And Along Come Tourists is a 2007 German dramatic film that was written and directed by Robert Thalheim. The principal characters are a young German doing civilian service at the former German Auschwitz concentration camp and an elderly camp survivor living there. Thalheim himself did his civilian service (Zivildienst) at the International Youth Meeting Center in Oświęcim/Auschwitz in 1996–1997, and portions of the film were shot at the Center and in the nearby town of Oświęcim, Poland. Filming was not permitted at the site of the concentration camp itself, where more than one million persons had been murdered by the end of the Second World War in 1945.
The film's title in German, Am Ende kommen Touristen, is taken from a volume of poetry published by Björn Kuhligk in 2000.
The principal performers are Alexander Fehling as Sven Lehnert and Ryszard Ronczewski as the survivor Stanislaw Krzemiński. Barbara Wysocka plays Ania Łanuszewskaa, a young Polish woman from Oświęcim with whom Sven develops a romantic relationship.
The film premièred 16 August 2007 in Germany; its North American premiere was 12 September 2007 at the Toronto International Film Festival. In 2010 and 2011 the film was broadcast on German television.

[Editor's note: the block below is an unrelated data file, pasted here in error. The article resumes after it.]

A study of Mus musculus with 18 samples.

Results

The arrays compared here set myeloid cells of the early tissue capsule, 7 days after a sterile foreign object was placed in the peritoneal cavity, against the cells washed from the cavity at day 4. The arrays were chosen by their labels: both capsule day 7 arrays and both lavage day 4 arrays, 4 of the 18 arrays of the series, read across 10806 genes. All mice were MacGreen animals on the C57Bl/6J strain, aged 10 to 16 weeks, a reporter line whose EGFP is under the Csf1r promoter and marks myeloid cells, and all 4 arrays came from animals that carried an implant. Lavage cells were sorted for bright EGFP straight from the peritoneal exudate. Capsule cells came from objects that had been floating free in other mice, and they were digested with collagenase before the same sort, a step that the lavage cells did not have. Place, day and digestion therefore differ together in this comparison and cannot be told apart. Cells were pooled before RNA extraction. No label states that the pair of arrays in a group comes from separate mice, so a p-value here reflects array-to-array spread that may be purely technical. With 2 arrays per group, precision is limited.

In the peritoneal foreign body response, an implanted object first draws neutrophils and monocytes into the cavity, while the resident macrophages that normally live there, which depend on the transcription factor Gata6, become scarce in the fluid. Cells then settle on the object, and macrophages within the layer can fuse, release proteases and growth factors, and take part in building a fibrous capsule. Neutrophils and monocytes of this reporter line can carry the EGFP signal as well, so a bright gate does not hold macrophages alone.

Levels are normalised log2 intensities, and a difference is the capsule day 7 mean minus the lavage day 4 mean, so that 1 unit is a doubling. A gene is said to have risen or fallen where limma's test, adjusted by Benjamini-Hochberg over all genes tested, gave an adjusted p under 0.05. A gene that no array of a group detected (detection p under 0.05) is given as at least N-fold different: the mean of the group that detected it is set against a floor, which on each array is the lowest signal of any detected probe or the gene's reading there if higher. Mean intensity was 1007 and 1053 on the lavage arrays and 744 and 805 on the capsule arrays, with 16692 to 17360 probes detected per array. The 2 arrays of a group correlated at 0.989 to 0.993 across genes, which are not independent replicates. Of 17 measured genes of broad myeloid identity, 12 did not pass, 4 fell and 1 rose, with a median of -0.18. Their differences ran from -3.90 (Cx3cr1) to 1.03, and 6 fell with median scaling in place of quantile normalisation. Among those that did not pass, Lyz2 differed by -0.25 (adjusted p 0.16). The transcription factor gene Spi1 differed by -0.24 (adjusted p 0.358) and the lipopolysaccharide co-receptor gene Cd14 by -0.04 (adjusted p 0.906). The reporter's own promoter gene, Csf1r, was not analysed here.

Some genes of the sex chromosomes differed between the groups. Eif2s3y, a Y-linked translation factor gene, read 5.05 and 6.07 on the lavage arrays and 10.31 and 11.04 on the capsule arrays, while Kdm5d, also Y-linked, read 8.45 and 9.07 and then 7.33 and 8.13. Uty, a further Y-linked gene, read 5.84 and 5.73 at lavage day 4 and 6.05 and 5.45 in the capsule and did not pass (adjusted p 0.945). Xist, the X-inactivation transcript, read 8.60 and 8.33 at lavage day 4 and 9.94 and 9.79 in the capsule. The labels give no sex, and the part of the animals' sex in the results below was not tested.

In 2007 Bonnie J. Gordon wrote of the film that it is "a quiet triumph ... economically blends modern life's truths, such as the fragility of 20-something love affairs, with universal themes, such as the search for meaning and the human need to expiate guilt." Jürgen Fauth wrote "Without ever resorting to preachiness, Thalheim, who was a Zivi at Auschwitz himself, offers incisive insights into the thorny contradictions and treacherous cross-currents of guilt and memory that turn any kind of exploration of the overbearing past into a minefield."
The film was nominated for the German Film Award for Best Feature Film (the "Lola"). Alexander Fehling received the Förderpreis Neues Deutsches Kino (Advancement Prize for New German Cinema) for his performance as Sven. A version of the film was broadcast on German television in 2010 and 2011, for which Robert Thalheim won the Eberhard-Fechner Award.
A DVD version of the film was released in Europe in 2008. A region 1 DVD (for North America) has not been released.